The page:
Oil Prices Surge, but That’s Fine for Some US Interest Groups

By: Ryan McMaken

Oil prices surged Tuesday night following the Iranian government’s missile attack launched in response to the US US’s killing of Iranian general Qassem Soleimani and Iraqi militia commander Abu Mahdi al-Muhandis.

According to CNBC , U.S. West Texas Intermediate (WTI) crude futures surged 4.5%, or $2.83, to $65.53, its highest level since April.

In dollars per barrel (WTI), the oil price has hovered around 55 dollars per barrel over the past year, with the exception of a spike above 60 dollars per barrel in May 2019.


In inflation-adjusted terms, oil prices ended 2019 under 60 dollars per barrel, and remained well below oil prices experienced from 2005 to 2014 (WTI):


The 2005 surge was due in part to the US’s 2003 invasion of Iraq. The oil price exceeded 150 dollars per barrel in mid-2008, and remained above 100 dollars per barrel during much of the period from 2011 to 2014.

However, global oil prices have fallen significantly as US crude production surged over the past decade thanks to fracking technology. The energy economy was fundamentally changed in the US by this shift, with the US becoming a net oil exporter over the past decade. According to an article last month in the Wall Street Journal, this was unexpected in an age when environmentalists and other lectured much of the public on “peak oil” and how energy was about to become outlandishly expensive. The WSJ notes:

At the beginning of the decade, energy independence was still a joke for late-night television comedians,” says author Daniel Yergin, who is vice chairman at IHS Markit. “Turn around a decade later, and we’re here.”

So, when US foreign policy produced a shock due to its endless military interventions in the region, this meant a lot of pain for the taxpayers and voters in terms of energy prices. But, in the past ten years:

The added oil production changed the relationship between crude prices and the U.S. economy. Whereas higher oil prices were once an unequivocal drag on the country’s economy, the impact is now more mixed. More-expensive crude still hurts consumers, but it is an economic boon to the country’s revived oil-producing regions, partially offsetting the impacts.

“Oil prices go up—Texas wins, North Dakota wins, New Mexico, Oklahoma,” says University of Chicago economist Ryan Kellogg.

If oil prices remain at a sustained high due to a war with Iran, this would mean a higher cost of living for most Americans, but it could help certain regions and populations within the US. Oil-producing states like Texas and Oklahoma — states that just happen to contain many of the current administration’s core supporters — would benefit.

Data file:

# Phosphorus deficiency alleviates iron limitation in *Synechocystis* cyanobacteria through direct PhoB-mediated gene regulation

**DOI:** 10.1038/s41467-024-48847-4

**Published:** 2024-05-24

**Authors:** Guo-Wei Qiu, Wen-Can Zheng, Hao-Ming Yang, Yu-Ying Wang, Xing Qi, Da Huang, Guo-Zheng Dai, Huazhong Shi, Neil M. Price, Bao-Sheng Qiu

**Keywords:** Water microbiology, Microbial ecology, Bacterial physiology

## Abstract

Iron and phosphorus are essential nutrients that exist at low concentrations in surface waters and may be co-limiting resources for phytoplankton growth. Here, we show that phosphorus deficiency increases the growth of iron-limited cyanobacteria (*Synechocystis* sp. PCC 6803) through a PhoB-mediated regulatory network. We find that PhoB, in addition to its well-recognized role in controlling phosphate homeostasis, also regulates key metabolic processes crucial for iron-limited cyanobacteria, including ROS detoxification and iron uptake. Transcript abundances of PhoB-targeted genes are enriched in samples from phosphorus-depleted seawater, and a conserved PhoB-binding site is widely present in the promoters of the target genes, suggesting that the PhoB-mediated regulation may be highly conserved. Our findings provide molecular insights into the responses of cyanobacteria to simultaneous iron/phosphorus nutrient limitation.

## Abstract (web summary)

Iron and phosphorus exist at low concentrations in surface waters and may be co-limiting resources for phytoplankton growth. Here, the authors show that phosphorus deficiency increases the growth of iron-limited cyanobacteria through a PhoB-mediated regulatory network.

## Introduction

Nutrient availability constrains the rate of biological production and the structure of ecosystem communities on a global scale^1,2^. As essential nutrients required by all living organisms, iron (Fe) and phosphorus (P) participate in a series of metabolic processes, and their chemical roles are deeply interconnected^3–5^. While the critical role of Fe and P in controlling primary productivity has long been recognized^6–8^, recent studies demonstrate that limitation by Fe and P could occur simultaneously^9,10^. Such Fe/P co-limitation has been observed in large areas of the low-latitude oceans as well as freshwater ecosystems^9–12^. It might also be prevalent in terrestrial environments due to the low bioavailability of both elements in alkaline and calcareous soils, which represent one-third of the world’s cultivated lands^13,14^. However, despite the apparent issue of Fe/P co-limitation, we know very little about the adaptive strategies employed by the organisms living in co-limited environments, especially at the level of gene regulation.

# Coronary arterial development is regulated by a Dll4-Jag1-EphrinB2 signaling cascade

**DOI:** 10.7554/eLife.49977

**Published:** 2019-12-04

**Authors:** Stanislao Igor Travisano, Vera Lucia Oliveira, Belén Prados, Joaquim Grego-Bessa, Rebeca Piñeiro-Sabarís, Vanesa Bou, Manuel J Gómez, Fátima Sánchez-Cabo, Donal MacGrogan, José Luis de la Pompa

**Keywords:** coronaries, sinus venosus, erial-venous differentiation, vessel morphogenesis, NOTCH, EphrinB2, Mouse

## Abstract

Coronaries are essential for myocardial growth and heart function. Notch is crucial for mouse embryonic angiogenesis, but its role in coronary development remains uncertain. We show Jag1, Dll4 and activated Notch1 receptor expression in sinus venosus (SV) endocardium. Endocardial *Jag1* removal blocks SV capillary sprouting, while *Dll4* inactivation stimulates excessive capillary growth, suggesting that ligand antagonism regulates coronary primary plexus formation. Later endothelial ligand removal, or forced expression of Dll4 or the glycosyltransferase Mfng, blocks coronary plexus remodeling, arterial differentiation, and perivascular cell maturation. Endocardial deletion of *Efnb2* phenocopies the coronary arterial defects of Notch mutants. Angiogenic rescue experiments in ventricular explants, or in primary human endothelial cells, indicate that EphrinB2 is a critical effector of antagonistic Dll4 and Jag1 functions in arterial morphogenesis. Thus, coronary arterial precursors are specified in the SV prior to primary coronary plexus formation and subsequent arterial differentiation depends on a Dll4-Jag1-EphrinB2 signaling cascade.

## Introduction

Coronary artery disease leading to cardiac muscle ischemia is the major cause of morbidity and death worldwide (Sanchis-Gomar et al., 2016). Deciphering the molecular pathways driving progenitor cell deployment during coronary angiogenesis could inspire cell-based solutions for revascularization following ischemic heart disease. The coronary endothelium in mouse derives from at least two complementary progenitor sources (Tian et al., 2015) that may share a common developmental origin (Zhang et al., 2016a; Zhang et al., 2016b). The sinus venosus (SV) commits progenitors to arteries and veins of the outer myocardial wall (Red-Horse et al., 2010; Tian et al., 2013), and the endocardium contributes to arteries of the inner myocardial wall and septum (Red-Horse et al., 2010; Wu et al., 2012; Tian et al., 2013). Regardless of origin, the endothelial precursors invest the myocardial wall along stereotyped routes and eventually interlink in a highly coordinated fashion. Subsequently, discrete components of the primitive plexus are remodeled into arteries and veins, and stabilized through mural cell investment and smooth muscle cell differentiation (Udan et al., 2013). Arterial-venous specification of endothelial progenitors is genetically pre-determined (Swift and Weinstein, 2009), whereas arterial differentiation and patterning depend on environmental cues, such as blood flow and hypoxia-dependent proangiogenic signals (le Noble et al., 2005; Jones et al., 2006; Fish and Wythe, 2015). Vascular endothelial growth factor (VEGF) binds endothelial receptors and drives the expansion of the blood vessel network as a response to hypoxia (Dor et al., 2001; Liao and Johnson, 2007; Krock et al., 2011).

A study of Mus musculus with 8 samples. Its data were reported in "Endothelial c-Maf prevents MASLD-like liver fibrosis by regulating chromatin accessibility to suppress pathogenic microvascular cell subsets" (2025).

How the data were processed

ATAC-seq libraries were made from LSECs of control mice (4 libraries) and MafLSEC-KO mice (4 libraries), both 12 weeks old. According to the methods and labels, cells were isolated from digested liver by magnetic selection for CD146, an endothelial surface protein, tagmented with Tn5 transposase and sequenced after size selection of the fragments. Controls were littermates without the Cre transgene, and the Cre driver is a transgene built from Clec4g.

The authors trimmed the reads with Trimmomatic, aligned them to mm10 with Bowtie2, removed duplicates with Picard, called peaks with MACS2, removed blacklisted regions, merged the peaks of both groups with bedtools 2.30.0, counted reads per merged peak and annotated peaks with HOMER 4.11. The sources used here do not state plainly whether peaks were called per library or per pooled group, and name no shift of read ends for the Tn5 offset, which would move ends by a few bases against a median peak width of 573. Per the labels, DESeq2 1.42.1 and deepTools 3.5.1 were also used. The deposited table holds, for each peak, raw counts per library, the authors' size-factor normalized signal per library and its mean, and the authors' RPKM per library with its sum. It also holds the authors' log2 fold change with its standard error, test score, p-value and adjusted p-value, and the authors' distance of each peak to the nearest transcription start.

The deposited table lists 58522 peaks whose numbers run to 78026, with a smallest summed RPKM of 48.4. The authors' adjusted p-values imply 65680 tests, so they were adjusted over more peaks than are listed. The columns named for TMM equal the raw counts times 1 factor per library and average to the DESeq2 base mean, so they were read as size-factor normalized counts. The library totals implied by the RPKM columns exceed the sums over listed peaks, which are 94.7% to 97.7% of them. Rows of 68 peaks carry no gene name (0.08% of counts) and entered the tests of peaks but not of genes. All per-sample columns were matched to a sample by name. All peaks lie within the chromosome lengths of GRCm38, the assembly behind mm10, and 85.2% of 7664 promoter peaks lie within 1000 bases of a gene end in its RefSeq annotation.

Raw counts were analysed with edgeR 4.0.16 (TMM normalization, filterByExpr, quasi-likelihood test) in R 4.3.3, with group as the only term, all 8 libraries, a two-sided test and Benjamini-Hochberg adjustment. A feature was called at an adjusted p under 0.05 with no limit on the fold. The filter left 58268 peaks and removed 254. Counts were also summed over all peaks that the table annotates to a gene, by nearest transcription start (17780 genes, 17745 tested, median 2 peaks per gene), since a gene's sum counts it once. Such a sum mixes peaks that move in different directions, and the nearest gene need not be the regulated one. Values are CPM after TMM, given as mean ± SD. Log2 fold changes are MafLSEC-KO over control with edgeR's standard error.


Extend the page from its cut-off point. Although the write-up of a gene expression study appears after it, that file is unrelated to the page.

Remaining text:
By pointing this out, I’m not claiming President Trump is deliberately trying to drive up oil prices to benefit certain constituents. But the current domestic political realities do mean the president is unlikely to suffer as much from high oil prices as he might have in previous decades.

Moreover, many of the downsides of higher oil prices will remain unseen by the public.

For example, fracking requires a substantial amount of resources to be profitable, including water, manpower, and financing.

Indeed, fracking is expensive to the point that many investors have begun to doubt its profitability in recent years. This, in turn, has led to cutbacks and layoffs.

While that’s a bad thing for those employed specifically in that industry, a decline in investment and resource allocation devoted to fracking means the cost of financing, water, and manpower for other industries goes down, meaning other industries could expand.

If oil prices go back up, we’ll likely hear about how this is leading to job gains in the energy economy. But the downside of that is significant for other industries. Naturally, rising energy prices mean, well, higher energy prices for businesses. But it will also mean higher prices for all those factors that go into oil production in the US. War-driven increases in energy prices are likely to generally drive up the cost of doing business for many business owners in general.

This, of course, is likely to be in addition to the hundreds of billions — or possibly trillions of dollars — necessary to prosecute yet another Middle Eastern war.